Impression #1: Prismari is the Best College.
A few things about this make my assessment shaky, but I do think Prismari cards will make the biggest impact. Sure, there’s the Winota combo deck that’s technically Lorehold, but it’s only using Blade Historian. That just means we have a good Boros deck in Standard.
Quandrix and Witherbloom, however, are a little closer of competitors. Things like Eureka Moment and Quandrix Cultivator are promising, and I’m impressed with decks that use the nasty combination of Witherbloom Apprentice, Pest cards, and Plumb the Forbidden to generate an aristocrat’s style sacrifice blowout. But, even with all of that, the cards that will stand the test of time, the ones that will show up in the best decks, will be the Prismari spells. Specifically, Prismari Command and Expressive Iteration. These two cards are easily splashed for, impactful, and have the most utility. Prismari Command is by far the best of its cycle. It’s got ramp, card draw, damage, and a fringe-useful shatter effect—all generally potent abilities. And if you don’t think Expressive Iteration is good, then you didn’t read the card. It essentially reads “Scry 3, draw a card, and you play a land off the top of your deck” (assuming you see a land in those three cards).
Impression #2: Magecraft Won’t Do Much in Standard—It’s for Historic.
First off, I think it’s cool we have a keyword ability like this, and especially one that counts copies. This brings us to the real bonkers thing about the ability: that it works with Storm. Even if the newly introduced Grapeshot doesn’t do twenty damage when cast, you still get an absurd amount of triggers. If you have Professor Onyx, you probably will kill them on the spot. Same with Witherbloom Apprentice. The combinations are so bonkers and will be so common, I wonder if someone will crash the client. I hope that the next Historic Anthology introduces more rituals, or more one-mana cantrips, just so we can have a viable Storm deck in Historic.
Impression #3: The Two Most Powerful Cards Are 3-Mana Creatures.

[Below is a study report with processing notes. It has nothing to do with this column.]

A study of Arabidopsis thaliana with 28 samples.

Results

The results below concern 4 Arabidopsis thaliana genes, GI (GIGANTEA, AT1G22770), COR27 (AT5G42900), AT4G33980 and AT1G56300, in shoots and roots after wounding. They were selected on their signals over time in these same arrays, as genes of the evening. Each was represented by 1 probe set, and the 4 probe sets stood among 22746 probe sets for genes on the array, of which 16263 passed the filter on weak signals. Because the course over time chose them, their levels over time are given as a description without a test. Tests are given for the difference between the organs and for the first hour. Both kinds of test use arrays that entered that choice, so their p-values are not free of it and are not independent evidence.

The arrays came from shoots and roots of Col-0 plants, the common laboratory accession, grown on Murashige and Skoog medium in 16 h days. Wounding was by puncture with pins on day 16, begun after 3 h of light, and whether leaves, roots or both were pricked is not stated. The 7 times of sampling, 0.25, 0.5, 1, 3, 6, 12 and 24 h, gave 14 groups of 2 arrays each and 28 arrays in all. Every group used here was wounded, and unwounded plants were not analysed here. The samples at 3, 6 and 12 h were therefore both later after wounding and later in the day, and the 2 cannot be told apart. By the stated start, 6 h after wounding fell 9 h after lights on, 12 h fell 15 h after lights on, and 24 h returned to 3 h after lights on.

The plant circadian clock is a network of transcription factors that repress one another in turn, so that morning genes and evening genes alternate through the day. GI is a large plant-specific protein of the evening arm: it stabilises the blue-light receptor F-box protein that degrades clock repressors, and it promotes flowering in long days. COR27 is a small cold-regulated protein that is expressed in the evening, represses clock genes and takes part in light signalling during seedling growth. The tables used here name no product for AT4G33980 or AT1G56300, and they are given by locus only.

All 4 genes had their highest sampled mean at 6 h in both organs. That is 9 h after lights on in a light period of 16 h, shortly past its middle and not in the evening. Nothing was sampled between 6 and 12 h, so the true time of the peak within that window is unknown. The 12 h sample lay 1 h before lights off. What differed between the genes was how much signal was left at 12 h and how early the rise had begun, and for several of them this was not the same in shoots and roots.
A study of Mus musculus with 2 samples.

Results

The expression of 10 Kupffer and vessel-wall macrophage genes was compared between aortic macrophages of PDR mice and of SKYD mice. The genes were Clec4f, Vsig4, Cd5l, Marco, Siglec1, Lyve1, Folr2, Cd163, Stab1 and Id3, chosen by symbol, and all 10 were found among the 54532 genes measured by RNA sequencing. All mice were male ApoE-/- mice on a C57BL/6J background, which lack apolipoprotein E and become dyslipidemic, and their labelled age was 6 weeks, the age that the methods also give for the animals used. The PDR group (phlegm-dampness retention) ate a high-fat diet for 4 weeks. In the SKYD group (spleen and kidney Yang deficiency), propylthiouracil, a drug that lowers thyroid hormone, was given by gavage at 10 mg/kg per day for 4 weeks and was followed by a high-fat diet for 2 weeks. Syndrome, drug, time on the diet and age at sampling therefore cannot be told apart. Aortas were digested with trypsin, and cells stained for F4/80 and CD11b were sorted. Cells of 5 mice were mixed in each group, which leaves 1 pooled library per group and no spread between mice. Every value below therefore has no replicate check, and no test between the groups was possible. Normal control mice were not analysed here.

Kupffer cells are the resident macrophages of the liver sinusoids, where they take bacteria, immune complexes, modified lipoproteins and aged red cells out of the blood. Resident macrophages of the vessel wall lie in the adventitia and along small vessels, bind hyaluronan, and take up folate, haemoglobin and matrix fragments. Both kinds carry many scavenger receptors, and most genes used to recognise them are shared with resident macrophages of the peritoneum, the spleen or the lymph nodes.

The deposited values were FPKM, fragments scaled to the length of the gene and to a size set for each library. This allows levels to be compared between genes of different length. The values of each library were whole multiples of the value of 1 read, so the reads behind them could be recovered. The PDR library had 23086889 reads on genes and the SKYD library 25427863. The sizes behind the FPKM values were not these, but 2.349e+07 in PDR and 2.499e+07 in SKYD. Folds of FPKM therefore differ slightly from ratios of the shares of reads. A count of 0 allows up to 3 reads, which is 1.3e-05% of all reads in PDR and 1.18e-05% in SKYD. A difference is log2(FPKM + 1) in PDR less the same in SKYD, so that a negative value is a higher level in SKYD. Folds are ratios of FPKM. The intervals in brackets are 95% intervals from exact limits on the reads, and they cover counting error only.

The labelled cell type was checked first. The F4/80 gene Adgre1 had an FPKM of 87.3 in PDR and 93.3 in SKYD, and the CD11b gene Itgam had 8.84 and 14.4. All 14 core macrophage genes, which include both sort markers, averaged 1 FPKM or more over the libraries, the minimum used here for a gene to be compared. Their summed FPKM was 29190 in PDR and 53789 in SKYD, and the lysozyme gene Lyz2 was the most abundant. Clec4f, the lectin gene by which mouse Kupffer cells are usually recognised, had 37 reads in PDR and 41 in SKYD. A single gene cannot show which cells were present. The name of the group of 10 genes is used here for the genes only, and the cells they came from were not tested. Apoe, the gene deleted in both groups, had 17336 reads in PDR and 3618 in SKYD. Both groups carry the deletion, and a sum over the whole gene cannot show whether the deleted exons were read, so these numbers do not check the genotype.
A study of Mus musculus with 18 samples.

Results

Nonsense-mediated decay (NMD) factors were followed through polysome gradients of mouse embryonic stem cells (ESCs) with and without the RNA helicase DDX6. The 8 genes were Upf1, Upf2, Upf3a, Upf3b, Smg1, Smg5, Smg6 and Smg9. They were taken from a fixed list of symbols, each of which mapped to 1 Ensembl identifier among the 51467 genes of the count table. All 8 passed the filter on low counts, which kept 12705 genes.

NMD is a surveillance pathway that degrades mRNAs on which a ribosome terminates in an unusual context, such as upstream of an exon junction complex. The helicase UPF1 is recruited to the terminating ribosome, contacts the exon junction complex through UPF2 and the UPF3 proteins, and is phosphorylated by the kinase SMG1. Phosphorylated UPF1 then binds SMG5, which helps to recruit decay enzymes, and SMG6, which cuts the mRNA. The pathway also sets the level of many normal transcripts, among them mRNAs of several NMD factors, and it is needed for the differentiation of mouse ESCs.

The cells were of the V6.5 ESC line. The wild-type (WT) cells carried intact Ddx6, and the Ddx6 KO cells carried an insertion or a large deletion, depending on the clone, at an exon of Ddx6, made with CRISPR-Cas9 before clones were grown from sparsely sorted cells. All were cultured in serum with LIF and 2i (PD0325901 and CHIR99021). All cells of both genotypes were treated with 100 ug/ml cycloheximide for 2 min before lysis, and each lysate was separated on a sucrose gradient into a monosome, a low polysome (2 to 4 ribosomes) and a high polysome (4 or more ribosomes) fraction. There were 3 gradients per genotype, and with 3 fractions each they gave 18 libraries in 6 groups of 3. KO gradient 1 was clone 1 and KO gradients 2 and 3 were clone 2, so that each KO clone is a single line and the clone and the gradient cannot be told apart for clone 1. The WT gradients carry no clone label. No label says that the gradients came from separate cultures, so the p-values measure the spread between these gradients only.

Taken by themselves, without even considering the decks that might be built around them, the two best cards in Strixhaven are Sedgemoor Witch and Elite Spellbinder. It would not surprise me if they both saw heavy Modern, Pioneer, maybe even Legacy play. It would also not surprise me to see them in an Esper control list.
Sedgemoor Witch is strong just because of how many things she does. With menace, she’s likely to get a hit in once or twice, and even if she’s killed right away, her Ward will drain for one hit. And then there’s her Pest ability—which also works with Storm—that makes her both gum up the board and get you a nice upswing in life.
As to Elite Spellbinder, do I need to explain why a flying, well-stated creature that does early turn disruption is a good card?
Impression #4: Lessons and Learn Effects Are Not That Good, and That’s Okay.
When designing Strixhaven, I have to imagine they were absurdly careful to not make any Lesson too strong. They’ve been burned before by outside-the-game abilities (read: The Companion fiasco), and there was every chance they would make the same mistake here. But no, they learned their lesson and we now have a solid toolbox of underpowered options fetchable at different points in the game. Recent decklists have proven that Spirit Summoning and Reduce to Memory are good enough for high-level play, and Basic Conjuration and Containment Breach might soon follow. I hope we see this mechanic in later sets, though I’m unsure what lore context would make that possible outside of revisiting Strixhaven in a few years.
Impression #5: Mana-bases Are Full to Bursting.
In Standard, you can use the Triomes (which count as their respective land types), the Modal Lands, Scry Lands, and now the Snarls. And then there’s the World Tree, which makes mana even easier. This adds up to a Meta where three or four colors are entirely possible. Temur and Sultai have been around for a long time, but I bet we’ll see other color combinations come around, taking advantage of blending multiple College’s mechanics.
And then there’s Historic. There’s everything I mentioned before, plus Check Lands, Fast Lands, Shock Lands, Fabled Passages, and Guildgates. I don’t know who plays Historic Brawl, but that format seems nuts. I’d also love to see a newer take on Five-Color Niv Mizzet utilizing this absurd toolbox.
And those are my opinions on Strixhaven. I like it a lot and am impressed as heck with the design team’s work. The flavor is great. The mechanics are fun. And, perhaps best of all, there are no utterly game-breaking cards. No one’s yet found an Oko or Uro or Omnath, Locus of Creation. Since Kaldheim, they seem to have the balance down of making good, powerful, and interesting cards without breaking the game. So long as Dimir Rogues and Boros Winota don’t take over, I think we’re in for a fun new round of the best card game in the world.